A few weeks ago our neighbor rapped on our screen door. “Can I mow the front part of your yard?” He was out mowing his easement, anyway, and said he figured why not do ours too. Uh, yes? Please?
The beau and I said our thanks and then promptly huddled together at the window for a conference. Should we be embarrassed about this? The grass was pretty tall, but in all fairness, it had stormed almost every day since its last cut. We hadn’t had any kind of chance to mow. He probably wasn’t out to prove a point. He probably was just being nice! Just like how I, in a fit of goodwill, had once shoveled their section of sidewalk after a snowfall because I was out shoveling mine anyway.
Then another rap at the door. The neighbor had actually begun mowing our whole yard, not just the part by the sidewalk, but the battery on his mower had died. The lawn was now sporting a bit of a squared-off mohawk. “I’ll come back tomorrow and finish it up,” he said. Oh! As much as I would have loved that, I have enough sense to know that goodwill has an expiration date. If we ignored the hack job I knew he would finish it out of obligation, and the magic of the good deed would be gone. So the next afternoon I dragged our push mower out of the basement and commenced grappling with it back and forth across the grass like I was trying to subdue a small bear. No sooner had I cut the last blade than the neighbor appeared on his porch. “I see I’m too late!” he said. “Next time just let me do the whole thing — I really don’t mind.”
I guess he wasn’t lying, because he has since cut our lawn again. He also voluntarily weeded it, which made me double over in extreme discomfort due to the fact that he wasted even more of his afternoon out of sheer kindness to us. Like hey, guy, you could have been spread-eagle in your Barcalounger noshing Totino’s pizza rolls and streaming the World Cup instead of out there on your hands and knees yanking crabgrass out of our dumb yard!
We’ve been watching for an opportunity to mow his lawn in return, but he may never let it get that long. In the meantime I lamely baked a thank-you loaf of zucchini bread and left it on their front stoop with a card. I guess this is just the way it is now, forever trading favors with the folks next door, but I can think of much worse things to be trading.
The other weekend, to celebrate the fact that we like sushi, the beau and I went out for sushi. We had a leisurely dinner and before driving home we decided to take a walk around the neighborhood. The blue of twilight was creeping across lawns and settling in the house eaves. It felt good to be outside.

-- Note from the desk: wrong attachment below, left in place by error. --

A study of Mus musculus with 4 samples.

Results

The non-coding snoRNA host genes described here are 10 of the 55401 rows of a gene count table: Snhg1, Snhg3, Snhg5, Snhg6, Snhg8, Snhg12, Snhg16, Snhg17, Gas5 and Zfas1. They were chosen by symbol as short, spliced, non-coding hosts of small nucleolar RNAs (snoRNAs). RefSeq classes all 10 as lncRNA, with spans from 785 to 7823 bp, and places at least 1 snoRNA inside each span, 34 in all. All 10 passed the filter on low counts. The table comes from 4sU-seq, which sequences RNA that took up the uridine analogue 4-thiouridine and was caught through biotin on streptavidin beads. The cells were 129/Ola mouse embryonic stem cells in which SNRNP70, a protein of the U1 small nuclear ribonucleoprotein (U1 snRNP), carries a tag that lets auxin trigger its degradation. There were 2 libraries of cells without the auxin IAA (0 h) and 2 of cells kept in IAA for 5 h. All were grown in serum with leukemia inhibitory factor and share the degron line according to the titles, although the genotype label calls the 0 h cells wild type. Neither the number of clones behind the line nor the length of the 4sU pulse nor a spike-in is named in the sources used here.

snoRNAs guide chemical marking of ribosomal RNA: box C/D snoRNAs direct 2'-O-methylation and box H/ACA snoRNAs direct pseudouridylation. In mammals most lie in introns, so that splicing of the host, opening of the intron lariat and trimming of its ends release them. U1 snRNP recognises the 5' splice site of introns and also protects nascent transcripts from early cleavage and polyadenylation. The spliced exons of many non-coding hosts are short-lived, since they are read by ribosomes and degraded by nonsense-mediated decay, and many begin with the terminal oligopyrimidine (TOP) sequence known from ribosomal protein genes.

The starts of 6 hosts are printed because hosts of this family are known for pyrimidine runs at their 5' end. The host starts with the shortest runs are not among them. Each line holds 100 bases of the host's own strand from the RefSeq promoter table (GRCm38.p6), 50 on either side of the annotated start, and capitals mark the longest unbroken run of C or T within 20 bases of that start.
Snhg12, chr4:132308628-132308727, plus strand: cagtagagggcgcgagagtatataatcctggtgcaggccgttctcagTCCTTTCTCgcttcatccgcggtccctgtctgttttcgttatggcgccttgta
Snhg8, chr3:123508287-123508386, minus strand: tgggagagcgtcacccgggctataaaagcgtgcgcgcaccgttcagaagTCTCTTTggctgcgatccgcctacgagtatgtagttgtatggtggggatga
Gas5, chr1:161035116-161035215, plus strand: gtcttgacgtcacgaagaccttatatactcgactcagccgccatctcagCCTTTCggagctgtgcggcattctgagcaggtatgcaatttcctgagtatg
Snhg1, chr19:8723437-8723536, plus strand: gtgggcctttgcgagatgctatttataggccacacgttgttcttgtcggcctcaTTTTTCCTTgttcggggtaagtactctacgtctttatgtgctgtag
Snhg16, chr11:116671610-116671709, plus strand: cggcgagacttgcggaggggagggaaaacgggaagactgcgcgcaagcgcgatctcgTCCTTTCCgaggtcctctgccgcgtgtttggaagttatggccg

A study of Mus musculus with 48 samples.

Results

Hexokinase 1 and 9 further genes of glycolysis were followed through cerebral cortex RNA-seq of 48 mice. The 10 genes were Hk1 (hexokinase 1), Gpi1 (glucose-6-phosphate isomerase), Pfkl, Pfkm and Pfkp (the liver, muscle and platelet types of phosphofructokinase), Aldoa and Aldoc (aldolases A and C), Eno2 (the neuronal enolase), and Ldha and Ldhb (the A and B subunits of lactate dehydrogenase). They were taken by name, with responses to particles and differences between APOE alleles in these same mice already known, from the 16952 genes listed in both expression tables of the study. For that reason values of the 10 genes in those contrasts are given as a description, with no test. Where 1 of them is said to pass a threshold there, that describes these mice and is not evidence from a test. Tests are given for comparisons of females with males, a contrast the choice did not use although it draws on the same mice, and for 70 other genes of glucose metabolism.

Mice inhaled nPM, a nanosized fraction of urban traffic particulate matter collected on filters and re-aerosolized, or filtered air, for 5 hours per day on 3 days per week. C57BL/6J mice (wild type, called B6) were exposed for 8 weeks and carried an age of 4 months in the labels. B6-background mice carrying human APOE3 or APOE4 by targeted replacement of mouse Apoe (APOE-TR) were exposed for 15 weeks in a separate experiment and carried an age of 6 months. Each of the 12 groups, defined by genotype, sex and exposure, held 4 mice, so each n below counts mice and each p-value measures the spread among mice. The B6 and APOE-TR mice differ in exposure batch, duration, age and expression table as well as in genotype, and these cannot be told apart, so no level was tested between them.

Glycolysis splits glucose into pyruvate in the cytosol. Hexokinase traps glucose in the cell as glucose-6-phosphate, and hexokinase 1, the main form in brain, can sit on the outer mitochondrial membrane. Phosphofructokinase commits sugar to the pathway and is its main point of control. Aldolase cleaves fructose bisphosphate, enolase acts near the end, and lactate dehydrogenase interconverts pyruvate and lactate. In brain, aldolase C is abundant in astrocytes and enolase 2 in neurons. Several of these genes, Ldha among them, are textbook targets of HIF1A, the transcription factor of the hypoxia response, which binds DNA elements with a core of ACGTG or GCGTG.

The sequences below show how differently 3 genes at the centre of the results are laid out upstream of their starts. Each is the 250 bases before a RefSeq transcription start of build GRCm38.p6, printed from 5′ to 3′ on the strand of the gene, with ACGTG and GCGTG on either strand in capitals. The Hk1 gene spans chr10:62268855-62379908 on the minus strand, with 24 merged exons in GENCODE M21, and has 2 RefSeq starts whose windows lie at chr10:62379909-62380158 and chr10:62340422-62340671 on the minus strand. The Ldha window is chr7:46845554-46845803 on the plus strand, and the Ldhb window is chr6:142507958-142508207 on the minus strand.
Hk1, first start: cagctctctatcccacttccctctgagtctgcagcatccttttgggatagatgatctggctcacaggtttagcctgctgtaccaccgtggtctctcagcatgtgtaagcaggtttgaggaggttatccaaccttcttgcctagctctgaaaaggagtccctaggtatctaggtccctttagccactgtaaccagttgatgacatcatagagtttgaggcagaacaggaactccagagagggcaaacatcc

We made an arbitrary right turn and came across a porch full of people talking and laughing. Nice night for a party, I thought, but the thought was interrupted by the porch occupants cajoling us to come join them. We froze on the sidewalk for several seconds, nervous smiles on our faces, as we tried to ascertain whether or not this was a joke. It wasn’t.
Up the steps we went; handshakes all around and a cascade of names I dutifully repeated and immediately forgot. The porch people wanted to know our life stories and were eager to share theirs. Presently another unsuspecting couple came down the sidewalk and our enthusiastic hosts leaned over the railing to wave them up, too. More introductions! These folks had just eaten at the same restaurant we ate at, what do you know about that? A plastic cup of wine was thrust into my hand and I scooted down the bench to make more room. The porch was getting crowded and bodies were silhouettes against the light. I asked the vague outline of one of the women who’d invited us up why they were spending their Saturday night flagging down strangers to talk to them. “We like learning about new people,” she said, smiling and shrugging.
It was fully dark by the time we tottered back down the steps and found our way back to the car. I’m not sure I like new people enough to learn about them, let alone on my own front porch, but I’m sure glad some people do.
A few days ago the beau was out running errands when his car died. I drove to meet him and we were standing in the parking lot of the strip mall time forgot, cars nose-to-nose and cables snaking battery-to-battery, when a dude carrying a paper bag approached the beau. Over the noise of my engine I couldn’t make out their exchange. After he left the beau came over to my side. “That was interesting,” he murmured.
“What did that guy say to you?” I asked.
“He said he was on his way to the airport and he wanted to give us the rest of his local craft beer and weed, since he couldn’t take it with him. He said it looked like we could use it.”
For several moments we regarded the bag resting on the cracked asphalt; a modest offering of generous means. I wondered whether the phrase “Colorado Nice” was already a thing, and if not I decided to try to make it so.
“I’m stoked to try that beer,” the beau remarked.